A couple of travel days spent listening to current radio reports following what has now become four months of the most incredible fishing for giant yellowfin tuna our fleet can imagine and I continue to be amazed. One might think that after such a long stretch of incredible action that I would become accustomed to this; a new world order where catches of thirty, forty, fifty, or even eighty yellowfin over two hundred pounds have become common. As long as this insane action on giant yellowfin has lasted, I fear that possibility exists.
Let me say to everyone, without being fatalistic, that every moment of this phenomenal season must be revered, as it deserves to be, but also understood as the anomaly it is. God forbid one man's victorious moment upon capture of a two hundred pound yellowfin tuna in future years be minimized because another man had five, seven, or even ten in years past.
In the meantime, while this outrageous action continues, I want every angler who is fortunate enough to participate to consider your catch. What quantity of fish do you want to take and why are you taking it? Before I continue I don't want anyone to confuse me with a bleeding heart environmentalist, or conservationist nightmare intent upon saving every last living thing on the planet. I firmly believe the population of yellowfin tuna and all the other pelagic species our fleet targets are healthy and can easily sustain all our fishing efforts. When fishing is this good however, we, as sport fishermen, need to self regulate maintaining a positive, respectable image both in and outside our industry. Now I have seen some very good examples of this during the past several months as well as bad, with, fortunately, the good side of the ratio in favor.
It can be very easy to become swept up in the moment during fantastic periods of fishing and become detached from what one has already landed and put on board. The fish are crashing - eating every bait; everyone has one hooked; it's day three; you already have eight giants in the hatch. You don't exactly know what you are going to do with them but what the hell, they are biting; they want a space in the hatch and you are more than ready to accommodate them.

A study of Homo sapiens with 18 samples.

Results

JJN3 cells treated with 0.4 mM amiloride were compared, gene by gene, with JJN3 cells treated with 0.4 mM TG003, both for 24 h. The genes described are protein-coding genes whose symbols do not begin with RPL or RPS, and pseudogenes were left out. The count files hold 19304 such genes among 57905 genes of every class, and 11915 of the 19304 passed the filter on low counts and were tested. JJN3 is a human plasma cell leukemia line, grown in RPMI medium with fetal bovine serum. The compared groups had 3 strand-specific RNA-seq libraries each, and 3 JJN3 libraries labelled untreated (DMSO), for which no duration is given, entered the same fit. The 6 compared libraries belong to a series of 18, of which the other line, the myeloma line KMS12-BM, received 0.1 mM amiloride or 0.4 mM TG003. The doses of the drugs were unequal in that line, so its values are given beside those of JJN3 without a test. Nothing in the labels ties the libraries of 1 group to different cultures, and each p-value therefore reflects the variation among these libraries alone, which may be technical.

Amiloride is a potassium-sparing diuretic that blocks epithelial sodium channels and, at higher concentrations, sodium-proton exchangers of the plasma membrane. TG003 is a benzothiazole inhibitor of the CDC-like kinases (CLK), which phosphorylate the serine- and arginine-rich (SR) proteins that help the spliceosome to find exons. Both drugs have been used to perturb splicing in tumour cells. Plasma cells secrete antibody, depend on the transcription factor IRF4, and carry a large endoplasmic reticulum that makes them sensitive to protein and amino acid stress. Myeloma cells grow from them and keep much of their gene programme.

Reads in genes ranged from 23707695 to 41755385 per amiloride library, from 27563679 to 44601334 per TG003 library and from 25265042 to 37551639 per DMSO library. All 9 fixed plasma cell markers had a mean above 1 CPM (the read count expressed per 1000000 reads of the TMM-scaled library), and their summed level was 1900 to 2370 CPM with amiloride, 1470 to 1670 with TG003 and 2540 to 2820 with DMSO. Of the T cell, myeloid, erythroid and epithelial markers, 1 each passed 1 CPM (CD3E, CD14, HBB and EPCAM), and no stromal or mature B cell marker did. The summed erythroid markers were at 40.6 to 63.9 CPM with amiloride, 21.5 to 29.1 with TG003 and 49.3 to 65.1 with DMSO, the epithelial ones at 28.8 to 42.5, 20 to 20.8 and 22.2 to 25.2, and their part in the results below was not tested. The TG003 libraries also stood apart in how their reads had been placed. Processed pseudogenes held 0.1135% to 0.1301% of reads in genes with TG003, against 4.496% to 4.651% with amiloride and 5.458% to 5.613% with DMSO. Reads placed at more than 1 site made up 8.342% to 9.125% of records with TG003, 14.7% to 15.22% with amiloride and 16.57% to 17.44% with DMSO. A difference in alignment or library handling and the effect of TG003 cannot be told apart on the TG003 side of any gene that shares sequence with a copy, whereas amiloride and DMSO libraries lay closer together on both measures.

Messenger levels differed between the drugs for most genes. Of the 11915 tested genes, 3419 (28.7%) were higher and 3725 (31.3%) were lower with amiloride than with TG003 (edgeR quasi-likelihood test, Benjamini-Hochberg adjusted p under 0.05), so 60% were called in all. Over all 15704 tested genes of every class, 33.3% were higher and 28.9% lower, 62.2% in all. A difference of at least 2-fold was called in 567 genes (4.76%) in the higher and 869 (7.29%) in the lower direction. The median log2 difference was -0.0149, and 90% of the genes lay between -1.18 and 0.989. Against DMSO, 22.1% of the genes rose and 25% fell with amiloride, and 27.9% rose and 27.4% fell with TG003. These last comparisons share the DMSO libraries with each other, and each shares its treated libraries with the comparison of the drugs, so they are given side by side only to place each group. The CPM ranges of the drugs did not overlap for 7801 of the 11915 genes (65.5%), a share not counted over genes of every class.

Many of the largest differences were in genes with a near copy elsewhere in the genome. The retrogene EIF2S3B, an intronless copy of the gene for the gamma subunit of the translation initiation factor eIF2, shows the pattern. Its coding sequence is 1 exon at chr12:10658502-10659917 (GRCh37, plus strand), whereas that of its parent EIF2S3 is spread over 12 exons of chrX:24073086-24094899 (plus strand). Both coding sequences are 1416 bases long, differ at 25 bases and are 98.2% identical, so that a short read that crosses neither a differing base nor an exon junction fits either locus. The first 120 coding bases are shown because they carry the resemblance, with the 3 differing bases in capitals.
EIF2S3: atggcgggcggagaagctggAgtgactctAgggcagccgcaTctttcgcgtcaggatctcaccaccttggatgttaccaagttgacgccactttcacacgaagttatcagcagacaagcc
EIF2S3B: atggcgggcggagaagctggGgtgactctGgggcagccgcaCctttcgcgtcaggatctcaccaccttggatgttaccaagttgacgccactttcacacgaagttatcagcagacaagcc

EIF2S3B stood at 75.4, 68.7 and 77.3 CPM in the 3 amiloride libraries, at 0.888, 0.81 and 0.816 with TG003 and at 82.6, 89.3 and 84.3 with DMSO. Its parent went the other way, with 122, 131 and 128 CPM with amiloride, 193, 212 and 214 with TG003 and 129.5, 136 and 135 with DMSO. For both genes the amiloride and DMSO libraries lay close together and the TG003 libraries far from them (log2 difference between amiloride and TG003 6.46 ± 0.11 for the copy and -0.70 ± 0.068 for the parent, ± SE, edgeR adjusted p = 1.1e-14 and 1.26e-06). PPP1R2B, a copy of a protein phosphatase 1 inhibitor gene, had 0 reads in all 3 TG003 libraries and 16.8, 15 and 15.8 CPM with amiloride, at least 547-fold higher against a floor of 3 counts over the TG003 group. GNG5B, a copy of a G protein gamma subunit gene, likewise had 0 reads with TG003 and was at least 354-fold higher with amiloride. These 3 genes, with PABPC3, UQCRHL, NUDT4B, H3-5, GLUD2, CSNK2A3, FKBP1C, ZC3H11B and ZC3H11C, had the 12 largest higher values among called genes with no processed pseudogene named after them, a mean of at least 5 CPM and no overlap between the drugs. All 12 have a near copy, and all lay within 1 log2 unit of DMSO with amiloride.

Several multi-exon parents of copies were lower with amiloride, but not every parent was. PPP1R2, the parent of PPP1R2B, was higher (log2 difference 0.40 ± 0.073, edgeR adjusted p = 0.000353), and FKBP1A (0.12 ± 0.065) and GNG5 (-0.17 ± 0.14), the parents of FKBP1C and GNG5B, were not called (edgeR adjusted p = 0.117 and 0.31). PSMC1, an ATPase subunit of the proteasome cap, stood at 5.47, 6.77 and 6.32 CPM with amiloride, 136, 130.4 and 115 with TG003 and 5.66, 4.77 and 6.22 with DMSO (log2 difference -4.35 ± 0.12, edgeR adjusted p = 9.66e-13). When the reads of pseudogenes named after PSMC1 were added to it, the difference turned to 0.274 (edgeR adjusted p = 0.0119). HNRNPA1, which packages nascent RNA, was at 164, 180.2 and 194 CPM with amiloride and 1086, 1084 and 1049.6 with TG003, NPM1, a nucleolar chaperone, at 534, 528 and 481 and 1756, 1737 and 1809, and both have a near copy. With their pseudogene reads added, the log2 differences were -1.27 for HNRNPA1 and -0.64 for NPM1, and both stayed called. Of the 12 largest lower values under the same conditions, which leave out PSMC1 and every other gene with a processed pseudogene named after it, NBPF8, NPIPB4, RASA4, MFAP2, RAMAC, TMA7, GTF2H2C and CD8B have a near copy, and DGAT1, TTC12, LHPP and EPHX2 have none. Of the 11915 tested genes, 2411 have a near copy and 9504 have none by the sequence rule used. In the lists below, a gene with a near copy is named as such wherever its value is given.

My advice: don't become the proverbial weasel in the henhouse; teeth gnashing, blood flying. There is absolutely nothing wrong with taking your limit; you paid for a permit; it's your right to do so. I will state again that the population is not in danger either; there will be plenty of tuna for everyone whether you take your limit or not. But, it is irresponsible and obscene to take a gigantic quantity of fish simply for the sake of doing so. Think about it. I can recall many times now this season that I've asked an angler the question "Hey, _______ what are you doing up here (on the bridge), I think you'll get a bite with a bait in the water." Response: "You know Tim, I've got five in the fresh tank already and three in the freezer; I really don't need any more. I'm having a great time just relaxing and watching the show. Maybe I'll release one later." My hat is off to these individuals who are obviously aware of the big picture. If you have gone a little, or a lot, overboard this season so be it. Just keep in mind the next time that there is plenty at stake here and we want the privilege of being able to enjoy this fishery for a long time to come.
Finally, so no one confuses my motives, I am well aware of the dynamics of this fishery and the fact that the giant yellowfin tuna we are catching are at the end of their lifespan after living a full, productive spawning life. There is no better scenario to justify the quantities of fish this fleet is catching than the present. This fact, however, does not exonerate us from our responsibility to behave in accordance with our ethics as SPORT fishermen.
That said we will be arriving at Fisherman's Landing tomorrow at 0900 hrs. with another beautiful, FULL load of giant yellowfin tuna; in this case right at about one hundred fish or an average of just under six per man. With two tanks of fresh, RSW fish and one tank of brine frozen, and the average size of these monsters, believe me, no one is wanting for more.
Following our arrival tomorrow, Captain Randy "always get's 'em" Toussaint will be departing on Saturday headed back down south on our next seventeen day voyage. With reports on the "Beach" and out at "The Bank" both indicating nothing short of spectacular fishing on giant yellowfin, we are ready to get back on the grounds and relish in the glory of this indescribable action on big fish. Of course we now hope for good luck in timing as we are well aware that this remarkable fishing is certainly nothing one can bank on or take for granted.